From the Archives: We Need Victim-Centered Reform

In October of 2010 I wrote in US Catholic about the clericalism, arrogance, and triumphalism at the heart of the sex abuse cover up in the Catholic Church.

Due to the current mess, here is it is again: Why we need victim-centered reform.


During his visit to the United Kingdom last month, Pope Benedict publicly acknowledged the “deep shame and humiliation” felt by the entire church as a result of the sex abuse scandal currently sweeping across Europe. As he did in the United States two years ago, Pope Benedict has given us a powerful model to follow if we honestly seek reconciliation and healing from this widespread tragedy. Rather than a band-aid change in church structures, any authentic reform will first carefully listen to the voice of the victims, and seek the movement of the Spirit therein.

The voice of the victim is the “voice crying out in the wilderness” we are uncomfortable hearing. But when we listen carefully, we awaken to the tragic consequences of a flawed concept of church, one in which the ordained are superhuman and the laity are somehow secondhand receptors of God’s grace. Though the reforms of the Second Vatican Council sought to amend these errors, at the level of practicality they have only been reinforced by church policy, resulting in an endemic clericalism and an assumption of divine privilege by the clergy and bishops responsible. St. Augustine, Doctor of Church and wise bishop himself, recognized the grave danger of his office when he wrote, “To you I am the bishop, with you I am a Christian. The first is an office, the second a grace; the first a danger, the second salvation.”

Augustine knew the grace of salvation lay in solidarity with the laity, not in his holy office. At last Easter’s mass in Rome, the bishops and Roman Curia rallied around Pope Benedict, praising his courage in the face of adversity, but following Augustine’s wisdom it would be more appropriate to acknowledge the courage of those victims, all of them baptized, who have suffered in shame and despair for decades. As Catholics, we tend to emphasize Peter’s chosen status as the apostle who could recognize Jesus as the Christ, but we often grapple with our own ability to deny Christ as he is present in the marginalized. When we choose clericalism over justice and triumphalism over humble repentance, Christ present in vulnerable child is once again denied, betrayed, and in the case of those victims who have committed suicide, crucified.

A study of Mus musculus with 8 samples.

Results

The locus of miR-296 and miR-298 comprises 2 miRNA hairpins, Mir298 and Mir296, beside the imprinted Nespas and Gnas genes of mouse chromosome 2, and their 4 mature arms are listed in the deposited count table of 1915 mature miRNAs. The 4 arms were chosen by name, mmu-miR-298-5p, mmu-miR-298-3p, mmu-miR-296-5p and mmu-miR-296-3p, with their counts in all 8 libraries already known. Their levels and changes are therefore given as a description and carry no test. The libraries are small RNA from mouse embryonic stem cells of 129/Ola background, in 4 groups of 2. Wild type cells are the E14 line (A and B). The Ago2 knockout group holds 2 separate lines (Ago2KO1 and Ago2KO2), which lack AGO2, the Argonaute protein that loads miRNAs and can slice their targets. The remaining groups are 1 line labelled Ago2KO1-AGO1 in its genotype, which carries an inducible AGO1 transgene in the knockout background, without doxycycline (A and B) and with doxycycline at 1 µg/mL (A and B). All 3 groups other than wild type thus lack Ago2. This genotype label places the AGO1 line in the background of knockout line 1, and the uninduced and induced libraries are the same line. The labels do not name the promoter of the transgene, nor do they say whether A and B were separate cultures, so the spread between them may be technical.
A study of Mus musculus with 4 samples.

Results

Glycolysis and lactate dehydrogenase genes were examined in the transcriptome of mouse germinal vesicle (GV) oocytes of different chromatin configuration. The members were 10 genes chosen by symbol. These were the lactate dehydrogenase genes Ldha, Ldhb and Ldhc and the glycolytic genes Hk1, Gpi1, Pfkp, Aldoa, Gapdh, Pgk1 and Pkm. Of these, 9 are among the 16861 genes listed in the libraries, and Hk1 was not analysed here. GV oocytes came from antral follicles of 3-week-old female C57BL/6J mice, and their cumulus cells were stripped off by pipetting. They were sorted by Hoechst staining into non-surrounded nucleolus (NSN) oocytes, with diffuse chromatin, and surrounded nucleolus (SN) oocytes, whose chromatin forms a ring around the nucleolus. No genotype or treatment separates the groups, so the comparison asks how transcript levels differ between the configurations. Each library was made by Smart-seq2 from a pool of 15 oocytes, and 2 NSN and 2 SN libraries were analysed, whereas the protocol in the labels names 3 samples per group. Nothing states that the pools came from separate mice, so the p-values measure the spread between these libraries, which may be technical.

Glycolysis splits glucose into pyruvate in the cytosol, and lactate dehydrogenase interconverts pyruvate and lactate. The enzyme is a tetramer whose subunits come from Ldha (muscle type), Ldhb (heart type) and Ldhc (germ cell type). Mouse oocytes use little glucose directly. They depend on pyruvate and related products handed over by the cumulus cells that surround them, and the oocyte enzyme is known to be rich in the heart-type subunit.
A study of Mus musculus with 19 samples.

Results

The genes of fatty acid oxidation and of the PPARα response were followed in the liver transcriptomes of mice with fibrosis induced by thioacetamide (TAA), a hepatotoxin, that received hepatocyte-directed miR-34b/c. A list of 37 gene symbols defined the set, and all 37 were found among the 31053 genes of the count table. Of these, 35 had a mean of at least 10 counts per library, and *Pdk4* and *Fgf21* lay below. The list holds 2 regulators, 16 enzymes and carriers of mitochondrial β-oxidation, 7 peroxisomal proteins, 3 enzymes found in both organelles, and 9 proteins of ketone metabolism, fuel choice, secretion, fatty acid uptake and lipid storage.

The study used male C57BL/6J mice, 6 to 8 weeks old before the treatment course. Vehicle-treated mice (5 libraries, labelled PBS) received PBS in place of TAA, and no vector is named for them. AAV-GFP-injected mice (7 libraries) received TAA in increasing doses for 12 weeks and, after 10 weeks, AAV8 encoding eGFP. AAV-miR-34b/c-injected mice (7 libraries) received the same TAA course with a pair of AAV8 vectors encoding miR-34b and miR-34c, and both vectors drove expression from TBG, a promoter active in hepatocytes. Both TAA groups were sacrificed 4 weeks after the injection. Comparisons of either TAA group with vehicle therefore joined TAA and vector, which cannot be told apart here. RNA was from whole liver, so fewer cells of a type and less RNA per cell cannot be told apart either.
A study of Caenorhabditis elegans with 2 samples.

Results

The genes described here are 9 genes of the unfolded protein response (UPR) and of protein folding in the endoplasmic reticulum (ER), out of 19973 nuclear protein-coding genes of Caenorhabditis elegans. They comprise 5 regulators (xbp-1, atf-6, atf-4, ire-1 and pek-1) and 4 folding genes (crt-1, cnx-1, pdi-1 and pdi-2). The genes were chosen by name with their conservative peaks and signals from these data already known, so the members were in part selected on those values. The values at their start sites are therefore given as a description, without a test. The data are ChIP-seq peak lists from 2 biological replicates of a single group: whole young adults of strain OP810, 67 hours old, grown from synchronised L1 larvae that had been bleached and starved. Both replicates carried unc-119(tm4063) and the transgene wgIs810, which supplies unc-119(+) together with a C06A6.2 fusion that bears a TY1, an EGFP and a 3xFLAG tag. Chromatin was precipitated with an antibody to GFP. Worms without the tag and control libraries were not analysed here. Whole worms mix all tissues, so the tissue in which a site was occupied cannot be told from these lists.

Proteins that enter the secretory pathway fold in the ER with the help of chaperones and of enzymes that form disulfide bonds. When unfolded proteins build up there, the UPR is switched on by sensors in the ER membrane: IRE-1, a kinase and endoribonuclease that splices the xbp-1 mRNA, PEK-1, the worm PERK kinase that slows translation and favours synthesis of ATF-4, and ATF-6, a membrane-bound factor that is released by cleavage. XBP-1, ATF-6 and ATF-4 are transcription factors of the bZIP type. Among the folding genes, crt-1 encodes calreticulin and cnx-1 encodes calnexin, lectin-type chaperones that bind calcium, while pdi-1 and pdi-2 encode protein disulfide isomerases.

At the end of the Gospel of John we meet a Peter who, after denying Jesus, cannot recognize the risen Christ calling to him from the seashore. Only through brash repentance does Peter finally see that Christ has called him to a very special task, to protect and nourish the most vulnerable members of the flock: “Feed my lambs.” In troubled times such as these, when a scandal threatens to devour our church and aggressive secularists denounce our faith as delusional, we, like Peter our rock, are called to humbly acknowledge our own culpability before Christ present in victims of abuse.

When we as a whole church commit ourselves to listening to the victim, we will finally be able to reassert our love for Christ and our continued commitment to care for the most vulnerable among us. But before we do this, we must recognize that Christ and the grace of his healing is more present to us in the crucified victims of sexual abuse than in our wounded pride and stubborn triumphalism.


This post is also featured on US Catholic’s guest blog at:

For more on those who have committed suicide as a result of sex abuse, (warning, graphic content), see:

The scripture passage in which Peter recognizes Christ on the seashore is found in John, Chapter 21: 1-19. My interpretation is largely based on Chapter 6 of “The Ministry of Reconciliation: Spirituality and Strategies” by Robert J. Schreiter, C.PP.S. (Maryknoll: Orbis Books, 1998), though he is addressing an entirely different context than the one above. I am also indebted to Judith Herman’s “Trauma and Recovery” (New York: Basic Books, 1997), which masterfully champions the need for a victim-centered approach in the psychological care of sex abuse victims and survivors of other trauma.

The picture above was taken on the evening before Pope John Paul II passed away in April 2005. I kept vigil that night in St. Peter’s Square with young people from all over the world.